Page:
The Advertising Standards Authority will not uphold complaints against charity-backed ads which implied video games are a health risk, MCV understands.
Last week, MCV broke the news that the Government's Change4Life campaign had put together a print campaign backed by the British Heart Foundation, Diabetes UK and Cancer Research, which said young gamers were risking an 'early death' through inactive lifestyles.
The news and subsequent industry concerns sparked coverage across the media. The trade rejected the implication that games are solely to blame for obesity and other health issues and many in the industry, including MCV, filed complaints with the ASA to have the ads withdrawn.
However the ASA says there are 'not sufficient grounds for us to intervene on this occasion'.
A full statement provided by the ASA said:
"Whilst the ASA Council understood the concerns of Tiga and those complainants who worked in the video games industry, it noted that the ad did not claim that playing computer or console games alone would lead to illness or premature death."
The reply that the ASA is sending to those who filed objections to the ad reads as follows:
The ASA Council [...] didn't think there were sufficient grounds for us to intervene on this occasion.
Our Code says that ads should contain nothing that is likely to cause serious or widespread offence. The ASA bases its judgments on the content of the ad and the medium, audience, product type and prevailing standards in society.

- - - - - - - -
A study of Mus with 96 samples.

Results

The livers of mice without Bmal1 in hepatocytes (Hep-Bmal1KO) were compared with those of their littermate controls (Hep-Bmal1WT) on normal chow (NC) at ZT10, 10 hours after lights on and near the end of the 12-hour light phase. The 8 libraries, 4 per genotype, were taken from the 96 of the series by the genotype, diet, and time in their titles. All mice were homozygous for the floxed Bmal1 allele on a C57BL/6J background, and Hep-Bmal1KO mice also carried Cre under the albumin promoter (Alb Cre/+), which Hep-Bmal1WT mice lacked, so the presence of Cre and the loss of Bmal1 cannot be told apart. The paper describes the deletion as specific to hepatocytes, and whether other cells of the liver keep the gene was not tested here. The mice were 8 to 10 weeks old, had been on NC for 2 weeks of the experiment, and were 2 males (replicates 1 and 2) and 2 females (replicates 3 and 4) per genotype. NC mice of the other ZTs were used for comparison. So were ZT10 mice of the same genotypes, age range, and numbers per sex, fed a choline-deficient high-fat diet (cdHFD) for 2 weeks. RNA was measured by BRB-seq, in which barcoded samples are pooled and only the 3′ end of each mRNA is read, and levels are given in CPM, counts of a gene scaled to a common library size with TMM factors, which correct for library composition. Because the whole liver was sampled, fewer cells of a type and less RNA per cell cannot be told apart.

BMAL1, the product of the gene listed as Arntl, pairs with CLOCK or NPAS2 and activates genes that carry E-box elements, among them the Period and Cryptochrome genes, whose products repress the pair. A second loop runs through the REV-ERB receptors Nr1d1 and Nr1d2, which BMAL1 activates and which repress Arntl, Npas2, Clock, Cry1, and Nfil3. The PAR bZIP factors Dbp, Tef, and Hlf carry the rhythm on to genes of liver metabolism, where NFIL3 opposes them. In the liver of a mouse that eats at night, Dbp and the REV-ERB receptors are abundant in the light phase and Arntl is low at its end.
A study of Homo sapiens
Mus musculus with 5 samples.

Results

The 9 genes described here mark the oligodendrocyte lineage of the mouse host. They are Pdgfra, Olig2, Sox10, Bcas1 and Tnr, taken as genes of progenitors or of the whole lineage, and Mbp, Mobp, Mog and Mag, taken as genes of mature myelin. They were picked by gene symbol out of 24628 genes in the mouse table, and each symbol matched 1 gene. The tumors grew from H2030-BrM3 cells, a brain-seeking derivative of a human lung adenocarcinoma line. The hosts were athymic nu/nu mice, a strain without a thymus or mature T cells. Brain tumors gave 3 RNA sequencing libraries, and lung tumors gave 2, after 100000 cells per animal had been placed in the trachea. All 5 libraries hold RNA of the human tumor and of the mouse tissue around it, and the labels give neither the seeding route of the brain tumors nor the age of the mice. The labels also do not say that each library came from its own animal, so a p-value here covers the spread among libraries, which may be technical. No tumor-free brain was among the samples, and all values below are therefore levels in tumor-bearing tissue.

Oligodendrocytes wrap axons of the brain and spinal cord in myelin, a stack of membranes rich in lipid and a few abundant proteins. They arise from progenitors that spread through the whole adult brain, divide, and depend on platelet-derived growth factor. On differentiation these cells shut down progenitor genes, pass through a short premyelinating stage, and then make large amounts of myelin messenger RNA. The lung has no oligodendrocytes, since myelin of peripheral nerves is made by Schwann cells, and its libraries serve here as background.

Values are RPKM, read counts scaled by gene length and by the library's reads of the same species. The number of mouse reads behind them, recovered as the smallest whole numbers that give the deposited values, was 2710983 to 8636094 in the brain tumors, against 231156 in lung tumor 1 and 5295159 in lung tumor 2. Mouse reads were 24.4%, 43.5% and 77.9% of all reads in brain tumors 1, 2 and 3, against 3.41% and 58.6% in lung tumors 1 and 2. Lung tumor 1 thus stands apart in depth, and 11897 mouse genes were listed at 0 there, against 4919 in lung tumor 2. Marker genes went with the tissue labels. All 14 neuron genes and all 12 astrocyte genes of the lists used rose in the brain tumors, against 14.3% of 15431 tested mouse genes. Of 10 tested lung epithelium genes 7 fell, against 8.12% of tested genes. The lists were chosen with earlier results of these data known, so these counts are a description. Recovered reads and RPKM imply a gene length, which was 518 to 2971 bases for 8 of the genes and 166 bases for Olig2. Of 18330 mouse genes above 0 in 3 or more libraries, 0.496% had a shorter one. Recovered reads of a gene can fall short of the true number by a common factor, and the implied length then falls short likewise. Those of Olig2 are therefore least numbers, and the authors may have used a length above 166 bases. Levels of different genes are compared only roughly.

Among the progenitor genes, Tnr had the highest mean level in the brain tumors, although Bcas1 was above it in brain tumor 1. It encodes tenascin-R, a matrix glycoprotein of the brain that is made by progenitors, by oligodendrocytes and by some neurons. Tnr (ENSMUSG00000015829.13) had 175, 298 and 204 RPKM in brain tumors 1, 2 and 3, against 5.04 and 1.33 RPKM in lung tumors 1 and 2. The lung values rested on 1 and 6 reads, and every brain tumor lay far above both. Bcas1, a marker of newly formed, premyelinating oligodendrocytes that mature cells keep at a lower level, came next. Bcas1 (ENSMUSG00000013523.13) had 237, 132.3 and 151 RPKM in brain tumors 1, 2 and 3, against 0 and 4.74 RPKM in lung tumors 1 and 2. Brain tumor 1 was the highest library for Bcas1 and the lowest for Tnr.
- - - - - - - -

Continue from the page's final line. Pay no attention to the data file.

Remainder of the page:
Complaints about offence often require difficult judgements but we don't intervene where advertising is simply criticised for being in poor taste. Apart from freedom of speech considerations, even well-intentioned and thoughtful people will have different and sometimes contradictory opinions about what constitutes ‘bad taste' or should be prohibited. We can only act if the ad, in our judgement, offends against widely accepted moral, social or cultural standards.
Whilst the ASA Council understood the concerns of Tiga and those complainants who worked in the video games industry, it noted that the ad did not claim that playing computer or console games alone would lead to illness or premature death. The Council considered that most readers would understand that the ad was discouraging a sedentary lifestyle and used the example of playing a console game as an illustration of the type of behaviour which might lead to long-term health problems if no exercise were taken alongside more sedentary activities. The Council considered it unlikely that most readers would infer from the ad that playing video games was the sole contributory factor in the development of the health problems mentioned in the ad. The Council concluded that the ad was unlikely to cause serious or widespread offence or mislead for those reasons, or likely to be seen as unfairly targeting or denigrating the video games industry.
The Council also noted that the ad did not imply that children should not play video games at all, or that some games would not be beneficial for educational or cognitive development. We also noted that the ad advised parents to ensure their children were physically active for at least one hour every day. The Council considered that most readers were unlikely to interpret the ad to mean that video games could not be played or enjoyed as part of a healthy lifestyle. The Council did not consider the ad likely to mislead readers about the benefits of some video games towards fitness and cognitive development in children or to cause offence for that reason.
One parent objected that the ad was offensive and harmful because it frightened her young child who became scared that she would die if she played video games. The ASA Council sympathised with those concerns and understood that the reference to future health might, for some, be upsetting. However, it considered that the ad was unlikely to cause undue fear or distress to parents or children.